By: Bowen Wang

A giant ship, the most luxurious of its time, set off on its maiden voyage from Southampton, England to New York. That ship was the RMS Titanic -- a British passenger ship carrying over 2,200 passengers, including 900 crew members. On April 14th, at midnight, the ship hit an iceberg. The crest and the bow separated, causing the ship to tear into two pieces. The ship sank, and out of the 2,200 people on board, only 700 people survived.

The Titanic had received six warnings of sea ice on April 14th but was traveling at a speed of roughly 22 knots, or 25 mph, when her lookouts sighted the iceberg. The ship was unable to turn quickly enough and hit the iceberg along the starboard side. Water poured into 6 of the 16 compartments which was too much for the ship to stand. It was designed to withstand 4 compartments breaking but clearly, the builders had not predicted such a big impact.

The Titanic was a giant British passenger liner and a cruise ship that had three giant smokestacks that could billow smoke. It also featured one ventilation dummy that could keep the air flowing even though it looked like a smokestack. The 16 compartments on the ship were all located in the hull. There were 20 lifeboats that could be manned including 16 lifeboat davits, which could each lower three lifeboats at a time, totaling 48 boats, four of which were collapsible. The Titanic had mostly a black hull with red on the bottom and white for the top compartments. The hull was double bottomed and featured a three bladed propeller.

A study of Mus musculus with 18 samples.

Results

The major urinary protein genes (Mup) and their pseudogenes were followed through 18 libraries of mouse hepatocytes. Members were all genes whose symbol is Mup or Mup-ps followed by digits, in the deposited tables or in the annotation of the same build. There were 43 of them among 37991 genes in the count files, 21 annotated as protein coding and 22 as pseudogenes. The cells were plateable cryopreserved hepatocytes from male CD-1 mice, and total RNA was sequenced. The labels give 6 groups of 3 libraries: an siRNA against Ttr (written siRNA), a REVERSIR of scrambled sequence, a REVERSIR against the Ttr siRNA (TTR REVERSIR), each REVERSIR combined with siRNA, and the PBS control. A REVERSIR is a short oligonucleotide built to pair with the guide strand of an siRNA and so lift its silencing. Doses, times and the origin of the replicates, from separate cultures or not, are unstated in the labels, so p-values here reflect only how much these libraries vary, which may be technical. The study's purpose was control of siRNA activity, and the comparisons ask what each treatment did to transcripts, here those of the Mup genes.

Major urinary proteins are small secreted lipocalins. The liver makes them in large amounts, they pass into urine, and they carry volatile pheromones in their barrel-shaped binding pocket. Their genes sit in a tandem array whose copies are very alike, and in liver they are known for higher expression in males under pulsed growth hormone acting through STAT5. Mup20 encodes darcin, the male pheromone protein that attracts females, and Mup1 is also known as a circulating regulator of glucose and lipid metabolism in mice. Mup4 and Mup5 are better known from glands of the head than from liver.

Magellan Ltd, a company of deep and ultradeep water specialists, began forming a 3-D model of the ship by using remote controlled submarines to take over 700,000 images of the magnificent creation from every angle. The whole process of taking the pictures took more than 200 hours, or 8 days! Then they stitched together all the images and combined them together to make a near 3-D model of the Titanic when it sank. The new 3-D model of the Titanic can probably unveil many mysteries about the “unsinkable” ship.

The Titanic was an amazing innovation and masterpiece at its time. Although it faced a very cruel end, scientists are now trying to innovate an effective 3-D model to answer more questions about why it really hit the iceberg, and the logistics behind the crash. Some of these questions, although simple, have yet to be answered.